Cable-system operators may have missed the call for mobile communications services with their short-lived $200 million wireless venture with Sprint Nextel. After little more than two years ramping up, Comcast, Time Warner Cable and Cox Communications last week decided to stop selling the Pivot mobile-phone service, operated by Sprint.
But individual operators are already scoping out the next phase of their wireless strategies.
Comcast, Time Warner Cable and Cox said they would offer their Pivot customers the option of switching to a Sprint mobile plan. The fourth cable partner in the joint venture, privately held Advance/Newhouse Communications, declined to comment.
Through the joint venture with Sprint, cable operators touted the addition of a fourth pillar in the multiservice bundle.
“The initial phase will allow us to offer wireless phones as part of our bundle, and that’s nice,” Comcast chairman and CEO Brian Roberts said the day after the deal was announced in November 2005. Eventually, the multiple-system operators expected mobile phones to be a platform for upselling video.
There was even the idea that customers would be able to access programming on their cable companies’ digital video recorders from their Pivot mobile phone — Slingbox-style — although that never got off the drawing board and would have involved negotiating with programmers for the rights to do this.
None of the parties had disclosed how many Pivot subscribers had signed up, although the service was promoted by cable operators in 33 markets before the rollout was halted last fall.
Pivot was dead on arrival for one basic reason, according to analysts: Nobody wanted a me-too product that, compared with Sprint’s own services, provided no price break or compelling unique features.
“There may be several good reasons that this organization did not succeed, but one is truly conspicuous: consumers voted with their wallets,” Advanced Media Ventures Group managing director Shelly Palmer wrote in a report last week.
According to Sprint and the cable operators, the product proved cumbersome to integrate, market and, ultimately, tough to sell.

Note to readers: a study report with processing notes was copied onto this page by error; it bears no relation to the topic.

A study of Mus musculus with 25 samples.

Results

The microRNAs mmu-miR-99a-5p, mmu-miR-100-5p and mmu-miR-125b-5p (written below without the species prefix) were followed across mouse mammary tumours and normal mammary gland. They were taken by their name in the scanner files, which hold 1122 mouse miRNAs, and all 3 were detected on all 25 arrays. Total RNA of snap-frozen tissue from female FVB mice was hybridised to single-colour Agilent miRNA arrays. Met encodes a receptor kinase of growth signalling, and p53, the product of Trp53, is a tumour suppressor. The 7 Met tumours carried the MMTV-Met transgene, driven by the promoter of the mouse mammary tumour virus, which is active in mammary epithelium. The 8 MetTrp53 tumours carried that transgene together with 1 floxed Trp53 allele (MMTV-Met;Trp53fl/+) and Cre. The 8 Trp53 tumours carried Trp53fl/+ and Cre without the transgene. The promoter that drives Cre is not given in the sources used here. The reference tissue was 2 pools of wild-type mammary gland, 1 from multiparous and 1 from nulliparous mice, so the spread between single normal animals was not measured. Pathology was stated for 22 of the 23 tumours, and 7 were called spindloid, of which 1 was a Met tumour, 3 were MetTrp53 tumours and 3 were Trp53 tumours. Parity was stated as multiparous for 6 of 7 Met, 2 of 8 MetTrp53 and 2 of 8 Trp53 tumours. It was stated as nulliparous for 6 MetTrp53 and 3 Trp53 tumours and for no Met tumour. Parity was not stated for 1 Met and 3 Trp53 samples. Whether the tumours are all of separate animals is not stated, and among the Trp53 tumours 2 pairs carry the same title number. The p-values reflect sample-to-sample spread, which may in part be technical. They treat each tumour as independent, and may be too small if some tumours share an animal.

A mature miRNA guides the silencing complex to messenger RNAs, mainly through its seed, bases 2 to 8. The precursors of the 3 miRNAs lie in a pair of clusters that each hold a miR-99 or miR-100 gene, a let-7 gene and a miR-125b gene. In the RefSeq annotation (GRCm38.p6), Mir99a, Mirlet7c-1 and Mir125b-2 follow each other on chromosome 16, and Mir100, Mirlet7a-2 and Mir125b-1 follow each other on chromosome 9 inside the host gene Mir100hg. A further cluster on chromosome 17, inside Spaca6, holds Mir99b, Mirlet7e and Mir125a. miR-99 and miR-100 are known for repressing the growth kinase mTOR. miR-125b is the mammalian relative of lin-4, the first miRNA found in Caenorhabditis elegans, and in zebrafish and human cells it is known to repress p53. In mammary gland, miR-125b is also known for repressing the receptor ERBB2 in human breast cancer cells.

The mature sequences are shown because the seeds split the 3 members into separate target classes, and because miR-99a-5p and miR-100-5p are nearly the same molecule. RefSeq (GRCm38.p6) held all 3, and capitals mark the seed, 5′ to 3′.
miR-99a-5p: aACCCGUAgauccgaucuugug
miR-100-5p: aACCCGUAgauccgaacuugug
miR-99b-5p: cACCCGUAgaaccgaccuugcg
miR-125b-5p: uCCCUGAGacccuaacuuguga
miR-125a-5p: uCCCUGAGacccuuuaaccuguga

But cable operators say they plan to eventually deliver mobile services. “We want to offer our customers mobility — stay tuned,” Cox director of media relations David Grabert said.
Grabert pointed to the operator’s successful bid in the recent government 700-Megahertz wireless-spectrum auction. The company paid $305 million for 12 MHz of spectrum licenses covering approximately 76% of Cox’s footprint.
“We are committed to evolving our existing bundle of services through product convergence and mobility so that our customers can easily enjoy Cox services both inside and outside their homes,” Cox senior vice president of strategy and product management Dallas Clement said in a statement.
Both Comcast and Time Warner Cable have said they were exploring options regarding wireless, outside the realm of the Pivot joint venture.
And the four Pivot cable companies are also sitting on 137 Advanced Wireless Spectrum licenses, which they acquired as SpectrumCo for $2.4 billion in 2006. Sprint sold its 5% interest in SpectrumCo in 2007.
Comcast last week confirmed it hired Dave Williams, chief technology officer of Telefonica’s O2 Europe wireless division and previously vice president of strategic planning at Cingular Wireless. He joined Comcast about a month ago, as senior vice president of wireless technology strategy.
Meanwhile, rumors continued to percolate that cable operators and Sprint continued discussions about forming a new venture, to fund the nationwide buildout of a WiMax wireless broadband network. The WiMax joint venture talks “were not affected by anything that happens with Pivot,” Reuters reported, citing an anonymous source.
Mike Reynolds and Kent Gibbons contributed to this report.